If the HRLE data structure is used, Boolean operations can be implemented in a very efficient manner. The minimum or maximum of two LS functions is obtained by moving two basic iterators over the corresponding HRLE data structures. The common range of both iterators is defined as the maximum of both minimum index vectors and by the minimum of both maximum index vectors. To advance the pair of iterators to the next position, all iterators are moved forward, whose maximum index vector is equal to the maximum index vector of the common range. This is in analogy to the realization of neighbor access using a stencil of iterators, as described in Section 4.2.2.
At every step, the minimum or the maximum LS value of both iterators is calculated. Recalling that the LS value of undefined runs is or (see Section 4.2.1), the result can also take these values. In this case an undefined run is inserted into the new HRLE data structure using the minimum index vector of the common range. Otherwise, if the result is not or , at least one of the two iterators must be at the position of a defined grid point. Hence, the common range is exactly this single grid point, for which the common minimum and maximum index vector are identical. This index vector is used to add a defined grid point to the HRLE data structure.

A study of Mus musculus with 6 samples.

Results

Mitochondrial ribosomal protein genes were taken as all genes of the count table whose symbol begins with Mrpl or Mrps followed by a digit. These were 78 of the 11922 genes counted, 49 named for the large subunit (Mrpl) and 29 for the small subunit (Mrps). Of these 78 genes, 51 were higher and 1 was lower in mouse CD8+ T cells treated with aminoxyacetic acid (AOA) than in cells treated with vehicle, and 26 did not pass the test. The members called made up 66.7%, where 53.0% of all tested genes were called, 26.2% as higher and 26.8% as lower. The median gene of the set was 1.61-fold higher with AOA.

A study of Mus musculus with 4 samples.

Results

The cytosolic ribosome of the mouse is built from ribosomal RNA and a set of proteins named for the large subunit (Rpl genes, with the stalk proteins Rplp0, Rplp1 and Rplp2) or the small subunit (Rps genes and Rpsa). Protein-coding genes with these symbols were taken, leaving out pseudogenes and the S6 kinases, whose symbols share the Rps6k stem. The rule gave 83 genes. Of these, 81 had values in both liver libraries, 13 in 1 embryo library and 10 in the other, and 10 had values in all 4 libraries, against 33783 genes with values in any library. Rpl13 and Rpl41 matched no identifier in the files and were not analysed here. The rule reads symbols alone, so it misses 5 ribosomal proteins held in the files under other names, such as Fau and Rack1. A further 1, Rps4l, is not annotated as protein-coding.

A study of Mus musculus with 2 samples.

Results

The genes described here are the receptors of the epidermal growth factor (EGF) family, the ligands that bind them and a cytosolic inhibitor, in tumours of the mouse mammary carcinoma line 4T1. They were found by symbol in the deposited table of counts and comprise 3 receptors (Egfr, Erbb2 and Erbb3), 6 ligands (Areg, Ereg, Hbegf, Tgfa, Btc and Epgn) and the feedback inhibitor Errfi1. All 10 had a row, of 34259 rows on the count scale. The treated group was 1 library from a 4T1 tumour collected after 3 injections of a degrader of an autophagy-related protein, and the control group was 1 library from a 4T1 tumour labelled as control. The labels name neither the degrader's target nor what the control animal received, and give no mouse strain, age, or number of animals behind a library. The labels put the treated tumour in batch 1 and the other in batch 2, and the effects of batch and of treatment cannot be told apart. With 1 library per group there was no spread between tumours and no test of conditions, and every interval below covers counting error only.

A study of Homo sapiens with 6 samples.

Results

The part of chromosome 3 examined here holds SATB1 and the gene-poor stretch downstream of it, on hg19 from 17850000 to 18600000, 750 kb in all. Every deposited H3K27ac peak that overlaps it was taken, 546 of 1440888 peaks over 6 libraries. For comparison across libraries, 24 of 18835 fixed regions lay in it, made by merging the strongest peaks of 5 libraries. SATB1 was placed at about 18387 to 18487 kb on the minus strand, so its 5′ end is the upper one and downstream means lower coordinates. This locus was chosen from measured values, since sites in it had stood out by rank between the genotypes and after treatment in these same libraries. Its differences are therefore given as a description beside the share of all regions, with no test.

The resulting new HRLE data structure does not necessarily fulfill (3.30). Hence, grid points belonging to do not necessarily have an opposite signed neighbor leading to inefficient sets of active grid points. To avoid dense sets of such nonrelevant grid points they must be removed using a pruning procedure as described in Section 4.3.2.
Overall, the calculation of the minimum or the maximum of two LS functions and can be carried out in linear time , if and denote the corresponding numbers of defined grid points. The determination of the complement requires only the inversion of the sign. This can be performed without rebuilding the HRLE data structure, by simply changing the sign of all values in the LS array and interchanging the run codes of all positive and negative undefined runs. The application of Boolean operations on HRLE data structures is demonstrated in Figure 4.4. It shows the relative complement of a sphere in the union of a cuboid and a cone.